By Jason Mosley
Note: this is a short extract from his much longer analysis: Ethiopia’s Transition: Implications for the Horn of Africa and Red Sea Region
By far the most significant shift in regional relations under Abiy has been the rapprochement with Eritrea.
Abiy’s inaugural speech in April 2018 signalled his intention to repair relations with Eritrea, although these were received with some scepticism, given similar sentiments were expressed by Hailemariam when he took office as premier in 2012, with little effect.
However, the shift within the EPRDF to marginalize the TPLF, combined with Abiy’s tendency to govern from the prime minister’s office, meant that he was in a position to make some significant departures from previous policy.
Indeed, his rapprochement with the administration in Eritrea was also a signal to the TPLF and the senior figures in the security sector (historically aligned with the TPLF, if formally apolitical) that their concerns were being sidelined. This put political pressure on the TPLF, whose Tigray region borders Eritrea, that dovetailed with the Abiy administration’s prosecutions of leaders (often associated with the TPLF) of state-owned or party-affiliated enterprises.
The Saudis and the Emiratis were both keen to support the rapprochement process. Relations between Eritrea and both countries have deepened somewhat since 2015. Eritrea made Assab port available to the Emirati military for operations related to the war in Yemen. Eritrea has also participated in the establishment of a new regional body—the Council of Arab and African Coastal States of the Red Sea and Gulf of Aden (or Red Sea Council, see below)—launched by the Saudi Government, adapting a platform that Egypt had been advocating for some time.
The Saudis and the Emiratis have also been keen to improve relations with Ethiopia, and Abiy’s rise gave them an opportunity to engage. While Eritrea and Ethiopia’s initiative to repair relations was overwhelmingly driven by domestic political considerations, the support of Saudi Arabia and the UAE provided a useful additional benefit to both governments. For Ethiopia, the embrace of Saudi Arabia and the UAE produced some quick financial support to (temporarily) alleviate foreign exchange pressure amid economic disruption and tepid export performance.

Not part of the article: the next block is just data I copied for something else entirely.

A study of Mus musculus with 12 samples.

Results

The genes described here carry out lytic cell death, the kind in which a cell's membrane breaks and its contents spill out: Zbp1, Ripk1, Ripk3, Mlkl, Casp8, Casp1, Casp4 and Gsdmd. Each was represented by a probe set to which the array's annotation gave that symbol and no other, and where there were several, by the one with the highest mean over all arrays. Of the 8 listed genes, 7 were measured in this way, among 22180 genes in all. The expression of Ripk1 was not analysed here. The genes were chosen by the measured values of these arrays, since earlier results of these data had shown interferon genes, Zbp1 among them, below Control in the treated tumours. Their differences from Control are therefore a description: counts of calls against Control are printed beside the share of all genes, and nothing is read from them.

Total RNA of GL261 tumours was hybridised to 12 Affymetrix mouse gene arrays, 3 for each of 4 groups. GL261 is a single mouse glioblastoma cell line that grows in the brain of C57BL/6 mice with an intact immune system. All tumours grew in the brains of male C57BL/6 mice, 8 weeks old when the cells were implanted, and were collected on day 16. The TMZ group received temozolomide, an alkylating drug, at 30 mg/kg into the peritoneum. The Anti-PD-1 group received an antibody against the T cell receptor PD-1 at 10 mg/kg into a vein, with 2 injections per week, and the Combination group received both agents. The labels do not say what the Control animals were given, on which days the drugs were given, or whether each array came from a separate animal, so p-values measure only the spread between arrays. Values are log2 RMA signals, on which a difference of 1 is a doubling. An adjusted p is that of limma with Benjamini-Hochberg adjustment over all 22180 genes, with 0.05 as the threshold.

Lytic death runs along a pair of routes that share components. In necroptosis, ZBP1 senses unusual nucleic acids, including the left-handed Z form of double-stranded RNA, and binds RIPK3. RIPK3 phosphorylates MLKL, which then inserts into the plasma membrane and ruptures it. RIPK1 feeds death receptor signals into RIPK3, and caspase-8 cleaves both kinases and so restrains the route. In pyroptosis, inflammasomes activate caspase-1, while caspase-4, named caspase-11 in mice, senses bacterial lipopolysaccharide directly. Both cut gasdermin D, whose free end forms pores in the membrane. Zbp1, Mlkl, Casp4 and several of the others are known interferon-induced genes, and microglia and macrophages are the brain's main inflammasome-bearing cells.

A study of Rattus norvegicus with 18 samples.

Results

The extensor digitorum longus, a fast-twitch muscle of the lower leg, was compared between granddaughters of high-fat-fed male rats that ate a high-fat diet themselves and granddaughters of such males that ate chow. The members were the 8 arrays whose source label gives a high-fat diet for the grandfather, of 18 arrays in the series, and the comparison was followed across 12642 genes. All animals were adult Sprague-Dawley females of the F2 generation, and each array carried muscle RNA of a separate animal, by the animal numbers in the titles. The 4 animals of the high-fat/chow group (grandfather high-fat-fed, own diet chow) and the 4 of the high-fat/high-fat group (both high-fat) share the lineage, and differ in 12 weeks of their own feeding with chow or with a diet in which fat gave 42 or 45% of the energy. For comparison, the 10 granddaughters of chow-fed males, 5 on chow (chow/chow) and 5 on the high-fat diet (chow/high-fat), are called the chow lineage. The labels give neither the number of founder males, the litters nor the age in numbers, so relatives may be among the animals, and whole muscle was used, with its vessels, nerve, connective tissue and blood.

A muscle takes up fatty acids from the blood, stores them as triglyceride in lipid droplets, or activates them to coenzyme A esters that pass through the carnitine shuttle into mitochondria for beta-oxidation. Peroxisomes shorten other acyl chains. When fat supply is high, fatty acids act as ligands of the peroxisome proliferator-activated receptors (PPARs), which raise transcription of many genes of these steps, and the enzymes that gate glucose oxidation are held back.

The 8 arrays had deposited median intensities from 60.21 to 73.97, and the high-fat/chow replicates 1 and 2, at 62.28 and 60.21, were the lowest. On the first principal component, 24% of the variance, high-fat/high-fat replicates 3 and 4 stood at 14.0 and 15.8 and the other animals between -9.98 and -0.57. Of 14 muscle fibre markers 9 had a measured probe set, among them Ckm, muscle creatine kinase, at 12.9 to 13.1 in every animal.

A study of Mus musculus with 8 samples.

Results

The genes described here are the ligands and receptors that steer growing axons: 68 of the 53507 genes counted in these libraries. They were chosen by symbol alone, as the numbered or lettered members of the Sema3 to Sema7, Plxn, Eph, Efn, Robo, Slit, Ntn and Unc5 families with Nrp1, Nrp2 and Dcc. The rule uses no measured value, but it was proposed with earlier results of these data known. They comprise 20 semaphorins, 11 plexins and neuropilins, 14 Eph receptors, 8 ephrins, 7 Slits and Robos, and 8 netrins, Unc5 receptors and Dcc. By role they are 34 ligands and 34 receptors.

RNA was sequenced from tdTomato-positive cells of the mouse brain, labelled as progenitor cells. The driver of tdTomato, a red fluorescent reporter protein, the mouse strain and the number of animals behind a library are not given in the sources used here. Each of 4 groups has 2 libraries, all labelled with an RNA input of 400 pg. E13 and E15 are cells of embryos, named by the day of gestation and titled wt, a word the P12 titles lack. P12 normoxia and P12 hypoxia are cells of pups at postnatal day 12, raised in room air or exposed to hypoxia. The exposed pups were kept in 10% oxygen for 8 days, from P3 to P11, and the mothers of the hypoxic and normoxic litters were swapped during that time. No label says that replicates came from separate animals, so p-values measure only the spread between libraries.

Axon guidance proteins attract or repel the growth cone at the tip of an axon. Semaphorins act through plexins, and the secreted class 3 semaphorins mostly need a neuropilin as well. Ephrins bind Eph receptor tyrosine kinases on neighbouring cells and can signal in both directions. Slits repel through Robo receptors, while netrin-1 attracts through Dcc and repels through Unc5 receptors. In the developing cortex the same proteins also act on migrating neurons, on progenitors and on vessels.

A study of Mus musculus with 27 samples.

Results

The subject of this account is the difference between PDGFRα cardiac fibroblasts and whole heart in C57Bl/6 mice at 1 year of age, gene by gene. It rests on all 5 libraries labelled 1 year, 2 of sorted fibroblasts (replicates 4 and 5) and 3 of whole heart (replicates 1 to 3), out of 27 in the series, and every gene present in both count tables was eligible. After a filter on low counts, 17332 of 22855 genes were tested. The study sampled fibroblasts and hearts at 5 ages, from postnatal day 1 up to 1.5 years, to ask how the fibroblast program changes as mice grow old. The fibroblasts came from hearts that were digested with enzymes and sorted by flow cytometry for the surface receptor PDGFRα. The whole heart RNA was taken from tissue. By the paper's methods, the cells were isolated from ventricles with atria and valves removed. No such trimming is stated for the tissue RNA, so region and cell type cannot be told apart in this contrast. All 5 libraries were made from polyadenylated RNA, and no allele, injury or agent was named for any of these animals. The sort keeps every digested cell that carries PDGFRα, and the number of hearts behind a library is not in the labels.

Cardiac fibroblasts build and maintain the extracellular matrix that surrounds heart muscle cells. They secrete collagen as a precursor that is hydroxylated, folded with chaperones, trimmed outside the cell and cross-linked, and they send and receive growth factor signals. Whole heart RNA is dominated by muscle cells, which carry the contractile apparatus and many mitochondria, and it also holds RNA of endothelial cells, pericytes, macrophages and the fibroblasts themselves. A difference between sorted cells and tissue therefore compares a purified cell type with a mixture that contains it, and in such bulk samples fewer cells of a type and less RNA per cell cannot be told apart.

For Eritrea, Saudi Arabia and the UAE’s embrace (as well as Ethiopia’s new stance) provided an avenue to the elimination in 2018 of the UN Security Council’s sanctions regime, first initiated in 2009.
However, after an initial flurry of goodwill meetings—including awards ceremonies for both leaders in Saudi Arabia and the UAE and the reopening of border crossings for the first time since 1998—by early 2019 momentum had begun to drain out of the process.
By April 2019 all the border crossings had been closed on the Eritrean side. The Ethiopian Airlines flights between Addis Ababa and Asmara that were quickly restored after the initial agreement still connect the two countries; however, questions have been raised about the viability of these flights and the prospect of reducing their frequency has been floated.
President Isaias did not attend a ceremony to mark the inauguration of Ethiopia’s Unity Park in October 2019 (which included heads of state from all other IGAD members), and Eritrea has not resumed its participation in IGAD, despite Ethiopia finally relinquishing the rotating chair to Sudan in November 2019.
In some sense the loss of momentum was inevitable: neither the initial Asmara declaration in June 2018 nor the subsequent Jeddah declaration signed by Abiy and Isaias in September provided clarity on the path forward, beyond agreement by the two countries to cooperate. Many economic factors have still not been worked out since before the war, not least a new bilateral trade framework after the introduction of the Eritrean currency in 1997.
An initial wave of trade and movement of people from in 2018 allowed for some pent-up economic pressures to be eased in Eritrea. However, this was not sustainable for the Eritrean Government, whose tight control over the formal economy was challenged by the influx of goods from Ethiopia. Indications are that Eritrea has shut the crossings while a trade arrangement is being negotiated.
This would be consistent with Eritrea’s history since independence. The limited access order of Eritrea’s political economy has been a stumbling block for external engagement, undercutting the assumption (by donors or other bilateral actors, including from the Gulf) that the government is seeking significant inflows of aid or other payments.
For example, while Somalia and Sudan have received aid for their cooperation with the Saudi–Emirati alliance, Eritrea does not appear to have done so, and even takes payment for the use of Assab port in kind rather than in rents. Moving beyond this order will be a difficult transition for the current government, which does not appear ready to liberalize or exit power. As such, progress towards full normalization of relations with Ethiopia will be slow.